HOUSE REPUBLICANS SINK ANOTHER ATTEMPT TO INCREASE SCHOOL BUDGETS
3:02 PM, Apr 13, 2011 | by Jason Clayworth |
Categories: Iowa Politics Insider
A Democratic attempt to allow school budgets to grow by 2 percent was rejected again today by Republicans in a showdown that both sides say will likely become a pivotal campaign issue in 2012.
Democrats requested the House suspend rules so that House File 185 – a bill that would allow schools to increase their upcoming budgets by 2 percent – could be considered.
Republicans defeated the request, which failed on a 40 to 56 vote.
“We’re kicking the kid down the road,” said Rep. Sharon Steckman, D-Mason City who requested the bill be considered. “School systems are cutting teachers, cutting staff and raising class sizes. They have no idea what to plan for next year.”
The issue centers upon a term commonly known as allowable growth. It is essentially a cost-of-living adjustment to the per-pupil cost. In the nearly 40-year history of the school-aid formula, schools have always received some amount of growth.
Republicans, including Gov. Terry Branstad, have called for a zero percent growth for each of the next two years. Senate Democrats have insisted on 2 percent in the upcoming year.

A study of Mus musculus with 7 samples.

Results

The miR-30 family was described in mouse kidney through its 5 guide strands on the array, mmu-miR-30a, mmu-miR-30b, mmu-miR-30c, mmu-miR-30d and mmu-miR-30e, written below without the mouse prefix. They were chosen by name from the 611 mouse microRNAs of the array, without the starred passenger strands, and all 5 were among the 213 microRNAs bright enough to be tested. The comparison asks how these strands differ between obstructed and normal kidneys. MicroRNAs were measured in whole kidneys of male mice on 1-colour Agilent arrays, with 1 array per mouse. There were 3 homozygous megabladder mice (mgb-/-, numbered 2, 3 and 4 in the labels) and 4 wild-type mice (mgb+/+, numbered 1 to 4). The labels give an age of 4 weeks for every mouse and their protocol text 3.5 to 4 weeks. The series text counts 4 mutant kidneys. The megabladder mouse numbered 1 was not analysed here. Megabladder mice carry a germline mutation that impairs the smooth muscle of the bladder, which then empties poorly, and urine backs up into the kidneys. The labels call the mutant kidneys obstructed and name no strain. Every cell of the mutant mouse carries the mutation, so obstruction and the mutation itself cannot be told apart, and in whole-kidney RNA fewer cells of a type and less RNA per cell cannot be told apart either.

But the 2 percent proposal, which the Senate insisted as part of House File 185, will die and zero percent will be adopted if no action is taken by the House.
The consequences of the possible three-year stagnant $5,883 per pupil spending limitation: Inflationary costs for such things as transportation and salary increases for staff must be absorbed by the current level of spending.
That would mean job and program cuts as well as fee and tax increases, according to the majority of respondents in the Senate Democratic survey in which 259 of Iowa’s 358 districts responded. More than 80 percent of those that responded said they were considering teacher layoffs.
Schools must certify their budgets for the upcoming school year with the Iowa Department of Education by Friday at midnight. Schools that plan to eliminate staff must notify them by the 30th of this month.
Rep. Greg Forristall, R-Macedonia and the chairman of the House Education Committee, said it would be pointless to debate the bill.
“The governor is going to veto anything other than zero percent,” Forristall said. “If we bring it up they will just sit there and talk all day and run the amendment for 2 percent. It’s just a waste of time.”